The following is extracted from Jim Forest's book, "The Root of War is Fear".
“Target Equals City,” an essay written [by Merton] in February 1962 and slated for publication in The Catholic Worker, was refused approval by his order’s censors, the first of Merton’s war-related writings to suffer that fate. In it he argued that a major ethical border had been crossed during the Second World War. On the Allies’ side, it was a war that that had begun with “a just cause if ever there was one.” There was no doubt that Hitler was the aggressor in Europe and that Japan was in Asia. But by the war’s end in 1945, not only Germany but the Allies had moved from bombing military targets to targeting whole cities. Those theologians who took Church teaching on war seriously were forced to consider the question “whether the old [just war] doctrine [still] had any meaning.”
"The obliteration bombing of cities on both sides, culminating in the total destruction of Hiroshima and Nagasaki by one plane with one bomb for each, had completely changed the nature of war. Traditional standards no longer applied because … there was no longer any distinction made between civilian and combatant…. [In fact] the slaughter of civilians was explicitly intended as a means of 'breaking enemy morale' and thus breaking the 'will to resist.' This was pure terrorism, and the traditional doctrine of war excluded such immoral methods…. These methods were practiced by the enemy [at the war’s start, but by the time] the war ended they were bequeathed to the western nations."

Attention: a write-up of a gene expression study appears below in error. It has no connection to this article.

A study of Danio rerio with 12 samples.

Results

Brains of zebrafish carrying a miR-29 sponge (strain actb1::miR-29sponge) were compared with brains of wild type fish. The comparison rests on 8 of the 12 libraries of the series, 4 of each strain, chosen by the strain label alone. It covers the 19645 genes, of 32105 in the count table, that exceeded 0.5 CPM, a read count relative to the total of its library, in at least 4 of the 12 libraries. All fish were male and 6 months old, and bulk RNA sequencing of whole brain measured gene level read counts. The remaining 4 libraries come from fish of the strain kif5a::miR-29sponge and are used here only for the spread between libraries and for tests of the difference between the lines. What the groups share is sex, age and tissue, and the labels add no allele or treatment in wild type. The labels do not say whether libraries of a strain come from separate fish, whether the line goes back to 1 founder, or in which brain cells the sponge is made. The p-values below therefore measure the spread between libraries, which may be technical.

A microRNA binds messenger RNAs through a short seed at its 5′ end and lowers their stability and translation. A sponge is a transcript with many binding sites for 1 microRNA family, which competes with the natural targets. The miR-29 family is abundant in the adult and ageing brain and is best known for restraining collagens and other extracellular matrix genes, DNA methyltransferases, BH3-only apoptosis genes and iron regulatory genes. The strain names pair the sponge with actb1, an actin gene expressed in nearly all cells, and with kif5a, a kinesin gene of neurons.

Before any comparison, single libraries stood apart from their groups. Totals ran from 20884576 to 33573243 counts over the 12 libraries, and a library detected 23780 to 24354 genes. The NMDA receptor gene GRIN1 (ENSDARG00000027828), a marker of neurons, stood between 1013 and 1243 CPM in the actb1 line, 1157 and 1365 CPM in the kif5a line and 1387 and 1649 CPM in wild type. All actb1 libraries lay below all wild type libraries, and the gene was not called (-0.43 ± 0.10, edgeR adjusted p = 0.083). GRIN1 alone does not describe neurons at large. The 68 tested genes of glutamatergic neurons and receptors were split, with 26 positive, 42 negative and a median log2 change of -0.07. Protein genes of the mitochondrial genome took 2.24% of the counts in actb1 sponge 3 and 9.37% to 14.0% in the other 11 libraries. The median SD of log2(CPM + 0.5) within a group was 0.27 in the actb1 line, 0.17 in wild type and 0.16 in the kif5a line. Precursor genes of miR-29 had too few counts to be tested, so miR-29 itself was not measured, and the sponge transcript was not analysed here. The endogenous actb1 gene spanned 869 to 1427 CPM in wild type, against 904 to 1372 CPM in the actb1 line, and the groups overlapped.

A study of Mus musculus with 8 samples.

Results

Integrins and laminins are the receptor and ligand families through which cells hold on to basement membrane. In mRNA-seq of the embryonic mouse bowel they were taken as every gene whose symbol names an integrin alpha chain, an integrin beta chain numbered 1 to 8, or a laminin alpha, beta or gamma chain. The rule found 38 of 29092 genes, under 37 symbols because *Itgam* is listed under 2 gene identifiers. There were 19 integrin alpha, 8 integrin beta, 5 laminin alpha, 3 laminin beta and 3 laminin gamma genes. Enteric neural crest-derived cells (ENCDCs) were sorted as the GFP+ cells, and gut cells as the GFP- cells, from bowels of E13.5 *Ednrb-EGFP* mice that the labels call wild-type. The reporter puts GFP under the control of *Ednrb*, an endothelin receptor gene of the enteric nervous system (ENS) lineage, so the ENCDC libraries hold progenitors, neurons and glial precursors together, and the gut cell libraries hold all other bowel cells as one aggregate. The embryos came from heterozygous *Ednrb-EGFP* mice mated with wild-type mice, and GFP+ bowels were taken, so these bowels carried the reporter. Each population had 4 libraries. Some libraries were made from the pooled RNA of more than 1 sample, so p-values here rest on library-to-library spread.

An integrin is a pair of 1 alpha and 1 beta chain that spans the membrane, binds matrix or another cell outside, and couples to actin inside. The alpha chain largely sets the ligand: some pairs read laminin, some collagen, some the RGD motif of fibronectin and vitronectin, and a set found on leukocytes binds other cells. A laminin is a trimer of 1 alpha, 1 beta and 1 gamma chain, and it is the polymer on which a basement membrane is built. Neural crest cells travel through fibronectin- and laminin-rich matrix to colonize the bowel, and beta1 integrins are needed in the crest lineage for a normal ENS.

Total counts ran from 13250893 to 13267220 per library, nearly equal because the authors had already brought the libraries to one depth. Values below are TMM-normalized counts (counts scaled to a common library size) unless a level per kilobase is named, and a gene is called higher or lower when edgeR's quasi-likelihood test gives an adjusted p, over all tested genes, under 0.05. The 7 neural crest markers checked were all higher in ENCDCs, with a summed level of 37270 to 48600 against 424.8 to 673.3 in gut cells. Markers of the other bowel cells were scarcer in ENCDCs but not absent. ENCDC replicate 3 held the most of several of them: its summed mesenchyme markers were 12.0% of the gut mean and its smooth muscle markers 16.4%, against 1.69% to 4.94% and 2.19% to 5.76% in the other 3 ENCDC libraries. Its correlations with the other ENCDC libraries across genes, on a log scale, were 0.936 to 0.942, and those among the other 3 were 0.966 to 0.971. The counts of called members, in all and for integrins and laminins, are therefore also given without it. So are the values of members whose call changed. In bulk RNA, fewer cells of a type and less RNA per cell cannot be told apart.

Merton recalled how, early in the war, Britain had declared that it would not imitate Germany’s savage blitz-bombing tactics but instead would limit its bombing raids to military objectives. But in 1942 Britain abandoned its early restraint and began to target whole cities. “There are no lengths in violence to which we will not go,” Churchill declared. To quiet troubled consciences, the argument was put forward that city destruction, in the long run, “will save lives and end the war sooner.” In one notorious case, a thousand British and US bombers dropped so many bombs on the German city of Dresden that a firestorm was created that gutted the heart of the city. An estimated 25,000 people were killed, including many refugees and Allied prisoners of war. Far more died or were injured in the saturation bombing of Tokyo — the Tokyo Fire Department estimated 97,000 killed and 125,000 wounded.
Merton noted that while one can understand how those who suffered the Blitz would accept similar combat strategies against their enemy, no one could any longer claim that the standards of the just war doctrine, requiring not only a just cause but just methods that shelter non-combatant lives, were being respected.
The development of nuclear weapons and rockets for their delivery to distant targets, many of which were cities, meant that city destruction had become an integral element of future war planning. While the policy is called deterrence, the effectiveness of deterrence depends on the demonstrated readiness to commit the gravest war crime ever contemplated.
Meanwhile the vast majority of Christians were offering no resistance. “The Christian moral sense is being repeatedly eroded,” Merton wrote. When occasional protests occur or questions arise, “soothing answers are provided by policy makers and religious spokesmen are ready to support them with new [moral] adjustments. A new cycle is prepared. Once again there is a ‘just cause’. Few stop to think that what is regarded complacently as ‘justice’ was clearly a crime twenty years ago. How long can Christian morality go on taking this kind of beating?”
Merton finished the essay with these three sentences:
"There is only one winner in war. The winner is not justice, not liberty, not Christian truth. The winner is war itself."